LOVE&DEATH: Courthouse Marriage Leaves Indelible Stamp




I recently got married in Florida. This was a clever strategy in terms of weather, and also in that it fully liberated my future husband and me from the painful Planning stage. We flew in, said our vows and promptly departed, leaving my parents standing dazed and exhausted amid empty champagne bottles and pans of wilted asparagus spears.


Anyone who is contemplating marriage may want to consider this approach. Looking back, I can recall only a few nail-biting moments of my own, and virtually all of them took place at the Alachua County Courthouse, where the license was obtained. The United States, sadly, is not the romance capital of the world, and nobody knows this better than government clerks in the rural south.


The last major crime in Alachua County occurred when the police chief lied about making that legendary game-winning touchdown in the 1960-something Sugar Bowl. (Having confessed, he was promptly fired and run out of town - you don't mess around with college football in Florida.) Nonetheless, the crack security team at the courthouse took no chances when it comes to sniffing out the next big lawbreaker, and we were duly stripped of our Swiss Army knife key chain and various ballpoint pens.


Defenseless and humbled, we proceeded to the wedding cubicle, where we were wordlessly handed a "Brothers Karamazov"-sized tome on Florida Divorce Law and Custody Procedures. Had I still had a pen, I would have taken some notes - "divorce can be a painful process," "many of the state's marital disputes end in violence and bloodshed, leading naturally to incarceration and other punitive measures," etc. - but as it was, we had to laugh in the face of danger, slam the book shut and proceed to the paperwork.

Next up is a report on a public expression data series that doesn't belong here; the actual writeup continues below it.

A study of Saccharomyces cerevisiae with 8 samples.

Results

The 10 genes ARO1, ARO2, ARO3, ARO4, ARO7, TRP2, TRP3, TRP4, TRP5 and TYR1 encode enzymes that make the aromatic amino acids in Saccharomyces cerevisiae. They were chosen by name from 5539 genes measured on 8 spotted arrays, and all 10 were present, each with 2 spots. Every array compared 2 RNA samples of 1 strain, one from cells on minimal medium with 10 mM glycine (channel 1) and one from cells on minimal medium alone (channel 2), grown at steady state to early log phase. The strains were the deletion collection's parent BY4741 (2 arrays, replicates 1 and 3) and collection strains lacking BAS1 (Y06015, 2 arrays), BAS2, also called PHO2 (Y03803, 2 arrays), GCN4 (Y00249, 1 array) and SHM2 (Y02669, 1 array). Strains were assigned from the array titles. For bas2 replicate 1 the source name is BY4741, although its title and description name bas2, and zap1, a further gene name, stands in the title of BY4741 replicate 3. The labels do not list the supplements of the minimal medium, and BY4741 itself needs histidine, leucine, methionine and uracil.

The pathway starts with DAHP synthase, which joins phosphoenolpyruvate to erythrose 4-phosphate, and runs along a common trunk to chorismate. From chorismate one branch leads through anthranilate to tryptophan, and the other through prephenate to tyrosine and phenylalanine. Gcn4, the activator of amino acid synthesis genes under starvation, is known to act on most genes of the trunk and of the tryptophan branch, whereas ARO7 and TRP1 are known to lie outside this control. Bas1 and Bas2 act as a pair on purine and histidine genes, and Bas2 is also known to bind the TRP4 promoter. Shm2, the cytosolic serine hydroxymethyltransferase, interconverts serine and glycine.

Finally, we got what we came for: one of the few marriage licenses in the world to bear the proud signature of a county clerk who willingly calls himself J. K. "Buddy" Irby. (In the rarefied world of those for whom God is in the details, this is as exciting an icon as a pipe wrench that says Sdelano v CCCP.) To top things off, the grouchy wedding bureaucrat suddenly metamorphosed into Martha Stewart and handed us a gift bag. We collected our weapons at the door and peeked at our subsidized loot. What message of connubial wisdom would the State of Florida, leader in marital homicide rates, leave us with?


Inside the bag gleamed sample-sized household products, illustrating, we now believe, the Seven Sins of Conjugal Existence: perspiration, bad breath, congestion-related sleeplessness, dirty dishes, greasy countertops, post-nasal drip and static. Brilliant! I hold my home state in new esteem. Some couples keep a wedding photo on display; we keep a picture of our products. There's been no violence or bloodshed to date. We're going to name our first child "Buddy."